For the last few years, the Natural Stone Institute (NSI) has been hosting groups of industry professionals to various countries around the world — including Brazil, China, Italy and Turkey — as part of its efforts to promote the use of natural stone in design. For the 45th edition of the Vitória Stone Fair/Marmo+Mac Latin America, a delegation of approximately 12 members travelled to Vitória, Brazil, to attend the stone exhibition, as well as to participate in some quarry and factory tours within the state of Espírito Santo (ES).

Two full days were dedicated to exploring the operations of four different Brazilian stone manufacturers and suppliers — Brasigran Granitos, Granitos Zucchi, Magban and Decolores Mármores e Granitos — before the beginning of the fair.

The first stop was Brasigran, which is located in Serra, ES, about 15 miles north of Vitória. A 35-year-old company, Brasigran originally began as a mining company, which now specializes in the production of granite, marble and quartzite. “The demand used to be for granite, but now it’s for quartzite,” said Renata Malenza, director of marketing. “However, we still produce mostly granites.”

Brasigran’s main factory in Serra has an impressive line-up of available materials in its large, semi-outdoor factory, which includes three CNC machines from GMM, block cutters from Pellegrini and a Galaxy B220 polisher from Pedrini.

After our stop at Brasigran, we ventured 100 miles southwest to Cachoeiro de Itapemirim, ES, to visit Granitos Zucchi’s 540,000-square-foot factory, which was built in 2014 to house a custom Simec line for exotic and specialty stones. The 25-year-old company is also starting to shift from primarily granites to quartzites, working with about 100 different quarries from various areas of the country. “The technology that has developed over the last 10 years has completely changed the industry,” said Leonardo Tatagiba, company director.

Currently, about 70% of the company’s exports go to the U.S. However, Zucchi also exports to Canada, Mexico, South America, Europe and Asia. With almost 200 employees and 18 different types of saws for cutting slabs, Zucchi is focused on providing only the highest quality materials. “We have always focused on high-end natural stones and bringing more and more new materials to the market, especially quartzites,” said Pablo Luiz Rocha Vieira, the company’s digital marketing manager. “In 2017, we launched the first marble industry 100% automated of all Americas. This investment has made us the first company who works with an exclusive marble line. Not only marbles from Brazil, but also from Italy, Namibia and Africa. Because of that, today we have the most complete high-end line of natural stones in Brazil.”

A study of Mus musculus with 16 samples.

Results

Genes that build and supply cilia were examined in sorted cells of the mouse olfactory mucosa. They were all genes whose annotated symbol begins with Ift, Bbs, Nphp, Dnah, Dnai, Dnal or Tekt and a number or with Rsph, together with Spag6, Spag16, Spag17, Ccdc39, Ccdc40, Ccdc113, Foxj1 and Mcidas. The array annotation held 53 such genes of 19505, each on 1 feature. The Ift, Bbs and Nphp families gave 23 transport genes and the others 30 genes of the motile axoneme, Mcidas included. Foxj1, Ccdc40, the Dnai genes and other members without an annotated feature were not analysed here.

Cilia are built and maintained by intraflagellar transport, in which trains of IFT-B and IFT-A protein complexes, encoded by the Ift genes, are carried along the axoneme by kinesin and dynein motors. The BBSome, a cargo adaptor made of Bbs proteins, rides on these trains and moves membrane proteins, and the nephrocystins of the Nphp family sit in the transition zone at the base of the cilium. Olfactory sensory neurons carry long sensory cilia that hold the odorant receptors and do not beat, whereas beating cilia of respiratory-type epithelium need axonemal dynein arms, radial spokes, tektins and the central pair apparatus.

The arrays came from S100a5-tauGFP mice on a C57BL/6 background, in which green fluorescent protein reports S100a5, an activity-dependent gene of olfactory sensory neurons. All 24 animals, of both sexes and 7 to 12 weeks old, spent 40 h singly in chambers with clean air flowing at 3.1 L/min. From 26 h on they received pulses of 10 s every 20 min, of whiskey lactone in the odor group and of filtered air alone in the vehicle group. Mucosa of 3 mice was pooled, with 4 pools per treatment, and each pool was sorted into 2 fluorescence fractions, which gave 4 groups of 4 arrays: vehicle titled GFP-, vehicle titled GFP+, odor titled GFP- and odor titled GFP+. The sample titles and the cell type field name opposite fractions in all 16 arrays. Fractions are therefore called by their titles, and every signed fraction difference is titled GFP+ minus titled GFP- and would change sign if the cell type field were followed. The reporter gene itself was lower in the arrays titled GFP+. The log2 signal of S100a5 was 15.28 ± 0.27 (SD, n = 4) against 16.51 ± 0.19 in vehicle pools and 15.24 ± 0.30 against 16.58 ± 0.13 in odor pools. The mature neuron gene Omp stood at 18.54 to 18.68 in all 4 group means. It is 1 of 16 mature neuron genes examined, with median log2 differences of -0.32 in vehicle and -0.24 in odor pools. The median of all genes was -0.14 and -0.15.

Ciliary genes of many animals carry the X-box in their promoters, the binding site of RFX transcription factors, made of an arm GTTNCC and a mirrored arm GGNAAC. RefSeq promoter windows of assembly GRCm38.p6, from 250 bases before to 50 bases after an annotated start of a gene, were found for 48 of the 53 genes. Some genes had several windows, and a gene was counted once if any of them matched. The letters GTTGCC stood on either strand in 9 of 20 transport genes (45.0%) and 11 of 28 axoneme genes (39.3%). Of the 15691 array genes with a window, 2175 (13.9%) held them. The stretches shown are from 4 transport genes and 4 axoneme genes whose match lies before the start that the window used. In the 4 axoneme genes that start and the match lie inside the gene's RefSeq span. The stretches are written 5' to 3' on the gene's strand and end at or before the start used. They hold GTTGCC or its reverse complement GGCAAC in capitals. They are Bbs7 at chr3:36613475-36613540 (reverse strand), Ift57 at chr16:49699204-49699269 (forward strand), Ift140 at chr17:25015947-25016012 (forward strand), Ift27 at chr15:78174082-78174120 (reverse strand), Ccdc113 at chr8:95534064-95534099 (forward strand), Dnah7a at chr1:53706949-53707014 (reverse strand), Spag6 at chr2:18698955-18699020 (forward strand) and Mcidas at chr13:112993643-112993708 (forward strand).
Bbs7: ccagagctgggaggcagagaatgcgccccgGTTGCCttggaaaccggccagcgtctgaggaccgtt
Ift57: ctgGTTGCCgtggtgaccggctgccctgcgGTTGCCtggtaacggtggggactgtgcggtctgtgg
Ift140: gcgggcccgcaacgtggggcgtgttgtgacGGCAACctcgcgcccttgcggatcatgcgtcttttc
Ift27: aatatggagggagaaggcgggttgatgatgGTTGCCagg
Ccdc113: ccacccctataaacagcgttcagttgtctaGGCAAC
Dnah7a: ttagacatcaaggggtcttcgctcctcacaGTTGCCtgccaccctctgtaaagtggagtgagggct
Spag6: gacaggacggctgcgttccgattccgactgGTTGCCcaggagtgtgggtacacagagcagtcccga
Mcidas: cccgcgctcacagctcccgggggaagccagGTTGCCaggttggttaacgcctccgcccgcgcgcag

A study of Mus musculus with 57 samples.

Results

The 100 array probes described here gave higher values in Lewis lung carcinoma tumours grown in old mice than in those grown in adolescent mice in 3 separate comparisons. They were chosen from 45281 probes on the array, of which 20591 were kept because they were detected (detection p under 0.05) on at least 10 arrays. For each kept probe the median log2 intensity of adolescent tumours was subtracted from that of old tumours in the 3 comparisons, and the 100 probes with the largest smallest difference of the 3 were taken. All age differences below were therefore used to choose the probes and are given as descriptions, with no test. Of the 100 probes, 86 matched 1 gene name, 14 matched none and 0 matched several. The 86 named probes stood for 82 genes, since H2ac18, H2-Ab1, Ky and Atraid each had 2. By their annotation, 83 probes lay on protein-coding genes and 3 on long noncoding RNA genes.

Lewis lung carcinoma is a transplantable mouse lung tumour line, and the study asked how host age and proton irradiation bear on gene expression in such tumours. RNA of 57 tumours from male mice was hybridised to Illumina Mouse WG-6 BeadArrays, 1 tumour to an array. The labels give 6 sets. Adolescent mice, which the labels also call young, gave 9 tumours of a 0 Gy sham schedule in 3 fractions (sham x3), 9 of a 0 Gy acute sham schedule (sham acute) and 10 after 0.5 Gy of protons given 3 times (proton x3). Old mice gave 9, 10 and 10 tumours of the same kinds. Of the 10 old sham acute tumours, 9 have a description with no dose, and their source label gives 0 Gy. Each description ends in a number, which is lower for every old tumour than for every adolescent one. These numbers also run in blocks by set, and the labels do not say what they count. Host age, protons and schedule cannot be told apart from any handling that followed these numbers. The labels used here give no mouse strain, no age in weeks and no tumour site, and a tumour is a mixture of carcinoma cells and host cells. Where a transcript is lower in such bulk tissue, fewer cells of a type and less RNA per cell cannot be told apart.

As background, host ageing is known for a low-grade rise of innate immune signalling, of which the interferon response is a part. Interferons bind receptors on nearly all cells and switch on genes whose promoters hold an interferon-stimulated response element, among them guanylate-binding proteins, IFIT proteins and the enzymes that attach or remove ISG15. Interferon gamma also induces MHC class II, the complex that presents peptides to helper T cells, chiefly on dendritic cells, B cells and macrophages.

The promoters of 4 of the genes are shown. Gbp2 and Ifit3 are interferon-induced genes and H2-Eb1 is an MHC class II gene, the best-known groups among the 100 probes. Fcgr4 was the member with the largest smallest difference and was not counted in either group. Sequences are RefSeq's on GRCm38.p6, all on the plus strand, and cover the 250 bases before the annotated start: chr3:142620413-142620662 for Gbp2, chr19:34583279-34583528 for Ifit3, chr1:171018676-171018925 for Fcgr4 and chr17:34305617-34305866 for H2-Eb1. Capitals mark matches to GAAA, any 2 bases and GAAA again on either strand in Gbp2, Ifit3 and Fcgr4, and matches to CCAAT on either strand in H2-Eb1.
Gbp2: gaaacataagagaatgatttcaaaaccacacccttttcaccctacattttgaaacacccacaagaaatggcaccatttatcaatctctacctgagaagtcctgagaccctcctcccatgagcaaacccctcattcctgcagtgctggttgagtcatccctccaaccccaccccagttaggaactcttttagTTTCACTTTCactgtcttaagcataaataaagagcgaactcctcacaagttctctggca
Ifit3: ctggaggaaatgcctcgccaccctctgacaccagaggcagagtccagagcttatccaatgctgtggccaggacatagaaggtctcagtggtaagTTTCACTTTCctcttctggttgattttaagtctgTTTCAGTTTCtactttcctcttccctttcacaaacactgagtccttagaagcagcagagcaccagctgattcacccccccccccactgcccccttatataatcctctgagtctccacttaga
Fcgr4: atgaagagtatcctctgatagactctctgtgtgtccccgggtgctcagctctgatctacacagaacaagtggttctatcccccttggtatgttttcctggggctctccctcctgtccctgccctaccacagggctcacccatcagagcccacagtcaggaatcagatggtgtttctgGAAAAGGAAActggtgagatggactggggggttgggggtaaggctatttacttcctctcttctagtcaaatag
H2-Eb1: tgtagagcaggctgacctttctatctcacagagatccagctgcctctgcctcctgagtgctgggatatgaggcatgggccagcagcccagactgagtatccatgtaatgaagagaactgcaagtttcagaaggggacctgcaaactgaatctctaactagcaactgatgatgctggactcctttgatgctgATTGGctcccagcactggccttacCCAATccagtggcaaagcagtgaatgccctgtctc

On the following day, our group returned to Cachoeiro de Itapemirim, which is located about 86 miles southwest of Vitória. We kicked off the day at Magban, an ever-growing quarrier and producer of dolomite marble, marble, granite and quartzite, where we were given an exclusive tour of a nearby quarry. With an expansive factory and an even larger quarry presence, the company currently operates 12 different sites throughout Brazil. Magban has 300 employees and aspires to be one of the largest exporters of ornamental stones in the region by 2020, according to company representatives.

Afterwards, we ventured to our last stop: Decolores Mármores e Granitos, located not too far from Magban in ES. This 18-year-old company also focuses on the production and sale of natural stone from Brazil, according to owner, Luca Burlamacchi. “In 2010, we started a joint venture in Italy with Carrara marble, establishing Decolores Italia, with a main focus of selling slabs of Italian marbles,” he said.

Currently, Decolores employs 110 people at its 1 million-square-foot complex in Cachoeiro de Itapemirim, with 130,000 square feet of factory and warehouse space. “We have several quarries, with a total production of around 2,000 tons per month,” Burlamacchi explained. “We quarry five types of stone, but have around 80 different varieties available at the warehouse.”

Alike Zucchi, the majority of Decolores’ exports are sent to the U.S. — approximately 75% to be exact. “We also sell to domestic markets and countries from all five continents,” he said.

Since new materials are always being discovered at Decolores, the company plans on expanding its main warehouse onsite by 50,000 square feet, which is planned for later this year or at the beginning of 2019.